In response to public school counselors' expression of concern over how much of their time is spent in non-counseling activities, the Texas Legislature passed Senate Bill (S.B.) 538 in May 2001. This legislation required the State Comptroller to: 1) determine student-to-counselor ratios on Texas elementary, middle and high school campuses; 2) conduct a statewide survey of how school counselors spend their time; and 3) develop recommendations for future improvements.

In January 2002, the Comptroller surveyed public school counselors on how they spend their time. The survey asked counselors to track their time for a one-week period, January 28-February 1, 2002. The agency also asked counselors for suggestions on how their effectiveness could be improved. More than 4,000 grade K-12 counselors from across the state responded to the survey.

The report analyzes school counselor-to-student ratios statewide and by district. The average counselor-to-student ratio statewide was 1:423 in the 2001-02 school year. This figure represents an improvement from previous years. Among grade levels, elementary schools had the highest ratio (1:555).

The agency staff also examined counselor-to-student ratios by district enrollment and district wealth. Ratios tended to increase (more students per counselor) as district enrollment rose. The Houston Independent School District, the district with the state's largest enrollment (210,000 students), had a counselor-to-student ratio of 1:691. Counselor-to-student ratios did not necessarily reflect any relationship to district wealth, as measured by property wealth divided by enrollment.

The survey results revealed that school counselors spend only about 60 percent of their time exclusively on counseling. A good portion of their time is spent on other administrative tasks. Counselors acknowledge they should not be relieved entirely of administrative duties, because all school staff must assume some measure of administrative responsibility. Most claimed, however, that excessive administrative duties hampered their effectiveness and their availability to students.

One particular area of concern among counselors was their role in administering statewide tests. While counselors believe they have a role in test assessment, they argued that the role of coordinator of TAAS testing took too much time away from counseling. Many recommended shifting most or all of those duties to other staff.


The analysis of counselor-to-student ratios indicates that the statewide ratio for the 2001-02 school year of one counselor for every 423 students is above the Texas Association of Secondary School Principals' and the Texas Elementary Principals and Supervisors Association's recommended ratio of 1/350. Counselors in general, however, did not cite the counselor-to-student ratios as the most difficult part of their jobs.

  1. Require each school district to adopt a policy on the appropriate use of counselors' time in the district.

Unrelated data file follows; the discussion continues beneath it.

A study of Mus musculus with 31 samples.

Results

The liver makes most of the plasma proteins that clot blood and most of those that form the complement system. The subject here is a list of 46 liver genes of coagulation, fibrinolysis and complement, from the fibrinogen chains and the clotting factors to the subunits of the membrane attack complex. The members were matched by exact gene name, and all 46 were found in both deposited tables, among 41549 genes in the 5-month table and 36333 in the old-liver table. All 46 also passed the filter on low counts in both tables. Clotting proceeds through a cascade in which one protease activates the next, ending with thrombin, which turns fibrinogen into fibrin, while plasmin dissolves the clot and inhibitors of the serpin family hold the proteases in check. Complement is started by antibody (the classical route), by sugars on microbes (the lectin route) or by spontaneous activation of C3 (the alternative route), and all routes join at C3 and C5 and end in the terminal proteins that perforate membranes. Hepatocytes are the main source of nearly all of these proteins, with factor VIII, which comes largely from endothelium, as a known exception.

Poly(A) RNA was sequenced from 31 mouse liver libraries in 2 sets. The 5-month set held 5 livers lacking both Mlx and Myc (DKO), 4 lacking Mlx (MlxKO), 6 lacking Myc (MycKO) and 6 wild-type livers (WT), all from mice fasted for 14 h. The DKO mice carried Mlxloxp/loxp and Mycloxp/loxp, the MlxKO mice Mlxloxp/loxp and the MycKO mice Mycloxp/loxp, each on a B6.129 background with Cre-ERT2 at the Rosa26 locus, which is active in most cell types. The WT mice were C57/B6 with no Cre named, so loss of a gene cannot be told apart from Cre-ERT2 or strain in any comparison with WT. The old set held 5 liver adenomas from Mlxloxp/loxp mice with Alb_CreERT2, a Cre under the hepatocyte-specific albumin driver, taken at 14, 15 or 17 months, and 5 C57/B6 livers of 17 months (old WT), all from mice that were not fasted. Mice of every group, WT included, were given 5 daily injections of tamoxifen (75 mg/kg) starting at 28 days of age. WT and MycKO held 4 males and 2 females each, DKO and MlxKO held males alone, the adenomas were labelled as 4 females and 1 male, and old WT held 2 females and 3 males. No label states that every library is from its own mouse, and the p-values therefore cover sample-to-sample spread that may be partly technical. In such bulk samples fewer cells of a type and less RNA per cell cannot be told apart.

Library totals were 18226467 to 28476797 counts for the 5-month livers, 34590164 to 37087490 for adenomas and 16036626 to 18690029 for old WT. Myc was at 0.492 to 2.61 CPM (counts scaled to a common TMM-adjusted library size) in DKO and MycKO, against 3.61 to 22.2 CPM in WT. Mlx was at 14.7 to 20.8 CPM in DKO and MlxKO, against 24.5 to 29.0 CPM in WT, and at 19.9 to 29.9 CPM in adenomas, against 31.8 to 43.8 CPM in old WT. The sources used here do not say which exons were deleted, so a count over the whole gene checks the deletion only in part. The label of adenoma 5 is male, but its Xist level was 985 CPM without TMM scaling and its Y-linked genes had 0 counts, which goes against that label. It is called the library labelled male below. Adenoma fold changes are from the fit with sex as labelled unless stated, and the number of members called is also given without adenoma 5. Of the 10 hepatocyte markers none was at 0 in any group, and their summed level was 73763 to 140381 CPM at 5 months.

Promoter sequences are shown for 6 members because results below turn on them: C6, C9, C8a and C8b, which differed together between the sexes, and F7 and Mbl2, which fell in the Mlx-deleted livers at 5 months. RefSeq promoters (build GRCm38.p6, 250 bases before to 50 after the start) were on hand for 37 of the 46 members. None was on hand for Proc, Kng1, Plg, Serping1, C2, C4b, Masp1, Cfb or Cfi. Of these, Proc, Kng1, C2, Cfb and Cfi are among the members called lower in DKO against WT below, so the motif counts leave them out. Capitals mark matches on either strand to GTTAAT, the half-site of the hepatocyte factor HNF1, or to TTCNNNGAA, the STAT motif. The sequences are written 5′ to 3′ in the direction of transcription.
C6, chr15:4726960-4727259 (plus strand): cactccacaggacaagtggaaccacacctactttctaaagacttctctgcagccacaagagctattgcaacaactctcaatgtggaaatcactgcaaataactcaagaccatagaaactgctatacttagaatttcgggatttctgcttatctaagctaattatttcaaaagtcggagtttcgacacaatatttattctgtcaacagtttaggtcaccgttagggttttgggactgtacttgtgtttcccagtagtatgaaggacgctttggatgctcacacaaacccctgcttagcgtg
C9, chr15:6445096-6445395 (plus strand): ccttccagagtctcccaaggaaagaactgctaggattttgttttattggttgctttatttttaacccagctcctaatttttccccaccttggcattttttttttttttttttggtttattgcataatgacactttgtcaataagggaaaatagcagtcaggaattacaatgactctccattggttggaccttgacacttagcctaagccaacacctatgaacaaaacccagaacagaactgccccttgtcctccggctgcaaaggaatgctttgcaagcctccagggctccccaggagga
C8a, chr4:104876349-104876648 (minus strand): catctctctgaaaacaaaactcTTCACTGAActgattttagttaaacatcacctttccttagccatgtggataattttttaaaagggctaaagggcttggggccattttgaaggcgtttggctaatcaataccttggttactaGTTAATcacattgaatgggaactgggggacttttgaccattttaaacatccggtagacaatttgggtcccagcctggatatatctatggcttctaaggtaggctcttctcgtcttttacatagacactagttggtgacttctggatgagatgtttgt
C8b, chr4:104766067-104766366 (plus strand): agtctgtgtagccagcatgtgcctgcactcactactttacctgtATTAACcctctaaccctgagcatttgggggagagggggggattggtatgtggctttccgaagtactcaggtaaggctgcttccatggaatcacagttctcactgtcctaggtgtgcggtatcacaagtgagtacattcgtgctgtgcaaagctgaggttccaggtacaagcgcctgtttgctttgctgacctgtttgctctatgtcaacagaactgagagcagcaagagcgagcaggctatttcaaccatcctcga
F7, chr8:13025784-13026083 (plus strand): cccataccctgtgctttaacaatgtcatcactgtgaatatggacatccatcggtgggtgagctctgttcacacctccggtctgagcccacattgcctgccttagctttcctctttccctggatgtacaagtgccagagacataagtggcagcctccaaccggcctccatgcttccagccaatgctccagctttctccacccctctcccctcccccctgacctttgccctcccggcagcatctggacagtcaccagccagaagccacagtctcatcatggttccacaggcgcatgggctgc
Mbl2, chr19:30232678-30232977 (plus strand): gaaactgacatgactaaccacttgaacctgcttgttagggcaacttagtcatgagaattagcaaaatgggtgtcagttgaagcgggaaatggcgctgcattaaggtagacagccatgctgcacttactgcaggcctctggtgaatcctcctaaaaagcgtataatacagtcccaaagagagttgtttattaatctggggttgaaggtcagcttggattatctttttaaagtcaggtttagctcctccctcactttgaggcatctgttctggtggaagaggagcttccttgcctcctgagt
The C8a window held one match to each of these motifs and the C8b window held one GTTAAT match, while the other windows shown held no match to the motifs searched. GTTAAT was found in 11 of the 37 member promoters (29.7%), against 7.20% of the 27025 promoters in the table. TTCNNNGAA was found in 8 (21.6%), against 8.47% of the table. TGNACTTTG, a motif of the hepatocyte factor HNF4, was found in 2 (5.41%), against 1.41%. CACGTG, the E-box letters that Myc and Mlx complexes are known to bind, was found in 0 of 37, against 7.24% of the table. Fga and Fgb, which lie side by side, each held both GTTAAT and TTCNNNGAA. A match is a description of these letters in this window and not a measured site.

School districts would be expected to develop policies within a year, effective for the 2004-05 school year. The Texas Association of School Boards (TASB), to which every school district belongs, could assist in developing standard policies and templates. TASB already plays a role in developing draft policies for school districts. According to TASB, most districts already have local policies for counselors, and these could be amended to address how counselor time is spent in the district.

    By permitting local districts to decide how best to use counselor time, the Legislature would encourage local control and would allow all the stakeholders-counselors, campus personnel, teachers and the residents of the district-to participate in devising a policy that would affect their children. A local policy also could outline a counselors' role in administering state tests, a significant area of concern.

  2. Expand TEA's District Effectiveness and Compliance (DEC) visits to include a review of a district's local guidance and counseling policy.

    TEA should request each school district scheduled for a DEC visit to perform a self-assessment on how well it is complying with its local policy on the use of counselor time. TEA personnel conducting the review should analyze how the district is using counselor time through interviews of a sample of counselors to determine if the district is carrying out its own policy.

  3. Require grant counselors to file their quarterly timesheets with TEA electronically. This information can then be analyzed and reported to the Texas Legislature.

    TEA already requires the 240 counselors whose salaries are paid from grant funds to submit timesheets and other information quarterly. The information, however, is not aggregated and analyzed. Instead, it is simply filed in hardcopy format.

    TEA continues to require grant-funded counselors to complete timesheets to remain eligible for funding under this program, so the agency should ensure the timesheets can be compiled and analyzed. The Comptroller survey revealed that more than 95 percent counselors have access to computers and to the Internet, so TEA could require counselors to submit their timesheets electronically.

    TEA could use the information to evaluate the grant program, and if entered into a database, the results could be used to measure counselor performance and how certain strategies affect student behavior. Since the program targets at-risk students, the results of the analysis of counselor timesheets may be helpful to other school districts.